Mining magnate Gina Rinehart continues to flex her increasingly mighty muscles as she fights for a seat on the Fairfax board, moves into coal in Queensland and ignites new political flames with her plan to import foreign workers to remote Western Australia.
Rinehart, who turned the A$75 million she inherited from her iron ore pioneering father Lang Hancock two decades ago into wealth estimated at more than A$29 billion ($37 billion), has burst from the publicity cocoon she wove around herself for years.
Last week the BRW rich list named her Australia's richest person and the world's wealthiest woman, overtaking Christy Walton, the widow of American Wal-Mart founder John Walton.
With ballooning resources wealth that grew by about A$18.9 billion in the past year, Rinehart remains on track to threaten Mexican telecommunications titan Carlos Slim as the world's richest tycoon.
Also last week the A$6.4 billion Alpha coal project in Queensland's Galilee Basin, part-owned by Rinehart, was approved by the state government despite environmental objections. The project is expected to generate A$3 billion a year in exports.
Not all of the publicity surrounding Rinehart has been to her liking: her battle with three of her four children over control of their trust fund has exposed painful family business, and she is fighting laws requiring financial disclosure.
Bloomberg reported that Rinehart's company, Hancock Prospecting, had been ordered to submit its 2010 financial statements on August 9, 2011, more than a month after they were due under the Corporations Act.
Hancock argued that complying with the requirement would disclose sensitive commercial information and reduce its negotiating power, and the challenge is due to be heard this month.
Politically, Rinehart has become a thorn for Prime Minister Julia Gillard's struggling minority Labor Government, opposing key policies including the new carbon and mining taxes.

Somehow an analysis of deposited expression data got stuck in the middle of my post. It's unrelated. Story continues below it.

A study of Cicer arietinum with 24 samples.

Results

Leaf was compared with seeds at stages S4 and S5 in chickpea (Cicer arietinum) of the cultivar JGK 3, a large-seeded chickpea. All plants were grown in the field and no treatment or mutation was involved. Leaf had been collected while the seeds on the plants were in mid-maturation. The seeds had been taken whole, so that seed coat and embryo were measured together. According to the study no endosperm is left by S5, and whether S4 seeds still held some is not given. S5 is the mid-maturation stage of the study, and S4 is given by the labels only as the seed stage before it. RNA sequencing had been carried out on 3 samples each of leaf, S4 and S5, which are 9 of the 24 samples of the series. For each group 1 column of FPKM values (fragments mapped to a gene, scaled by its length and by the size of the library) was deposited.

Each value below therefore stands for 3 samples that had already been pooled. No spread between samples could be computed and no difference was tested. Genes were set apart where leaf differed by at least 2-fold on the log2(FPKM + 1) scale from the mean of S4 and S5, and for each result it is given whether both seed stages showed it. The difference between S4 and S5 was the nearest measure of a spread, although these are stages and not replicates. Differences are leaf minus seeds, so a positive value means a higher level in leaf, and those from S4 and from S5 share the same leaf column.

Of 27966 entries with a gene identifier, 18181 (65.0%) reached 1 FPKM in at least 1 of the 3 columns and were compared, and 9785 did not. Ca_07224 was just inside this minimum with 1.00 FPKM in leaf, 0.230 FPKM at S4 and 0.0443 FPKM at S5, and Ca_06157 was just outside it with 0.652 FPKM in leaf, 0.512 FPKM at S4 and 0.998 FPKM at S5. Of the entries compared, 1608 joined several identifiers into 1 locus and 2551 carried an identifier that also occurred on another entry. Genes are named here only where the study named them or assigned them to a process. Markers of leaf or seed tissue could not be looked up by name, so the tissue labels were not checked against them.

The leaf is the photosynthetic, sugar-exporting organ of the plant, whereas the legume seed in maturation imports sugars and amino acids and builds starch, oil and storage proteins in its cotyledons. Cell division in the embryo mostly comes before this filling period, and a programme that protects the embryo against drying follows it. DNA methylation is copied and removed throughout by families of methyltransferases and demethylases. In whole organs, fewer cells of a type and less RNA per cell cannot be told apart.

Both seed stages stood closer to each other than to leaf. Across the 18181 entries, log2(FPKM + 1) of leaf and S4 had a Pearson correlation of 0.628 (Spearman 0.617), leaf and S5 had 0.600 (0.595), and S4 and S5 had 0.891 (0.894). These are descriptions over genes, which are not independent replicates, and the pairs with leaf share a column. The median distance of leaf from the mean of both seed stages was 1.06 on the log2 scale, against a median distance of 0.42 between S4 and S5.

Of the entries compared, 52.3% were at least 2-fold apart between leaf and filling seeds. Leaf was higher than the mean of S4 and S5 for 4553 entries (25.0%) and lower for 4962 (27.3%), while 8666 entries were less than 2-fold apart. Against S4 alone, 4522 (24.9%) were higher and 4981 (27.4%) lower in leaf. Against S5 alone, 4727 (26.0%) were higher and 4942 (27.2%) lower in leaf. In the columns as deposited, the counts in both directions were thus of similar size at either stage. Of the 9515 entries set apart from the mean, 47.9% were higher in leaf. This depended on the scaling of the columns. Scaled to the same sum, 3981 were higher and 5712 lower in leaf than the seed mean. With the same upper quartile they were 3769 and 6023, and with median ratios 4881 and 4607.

Rinehart is now gathering media power to herself.
She holds 10 per cent of the Ten Network and sits on its board, and has accumulated 12.6 per cent of Fairfax Media to become its biggest shareholder.
Rinehart is now engaged in a bitter battle for representation on the Fairfax board, seeking two seats against the opposition of other directors including chairman Roger Corbett.
Both sides have been canvassing institutional investors, with a key element in the dispute the board's insistence that Rinehart abide by the requirement that directors not interfere directly in editorial matters.
Rinehart holds seats on the board of other companies in which she has a smaller shareholding, and her Fairfax demands will be almost impossible to refuse if she further increases the size of her holding.
Commentators have noted that her business skills have been clearly demonstrated, buying into Fairfax as other investors sold holdings.
In her first public statement on the issue, Rinehart said Corbett needed to explain how he will address the interest of all shareholders "rather than merely hoping for improvements in circulation, revenue and share price".
Analysts have identified Simon Marais, of Allan Gray Funds Management as a key player in the battle. Allan Gray holds 8 per cent of Fairfax.
Marais has said that the size of a shareholding should not guarantee a seat on the board, that Rinehart must abide by the editorial non-interference rule, and that an extraordinary general meeting might be a solution to Rinehart's claim.
Elsewhere, Rinehart is again at the centre of a political storm over the enterprise migration agreement signed with the Government allowing her to hire about 1700 foreign workers to help build the new A$9.5 billion Roy Hill iron ore mine in the Pilbara.
The agreements were designed to allow miners to import skills not available in Australia.
Although almost 7000 Australians will also be employed on construction, and the 1500 permanent jobs will be filled by locals, the deal has outraged Labor MPs and unions.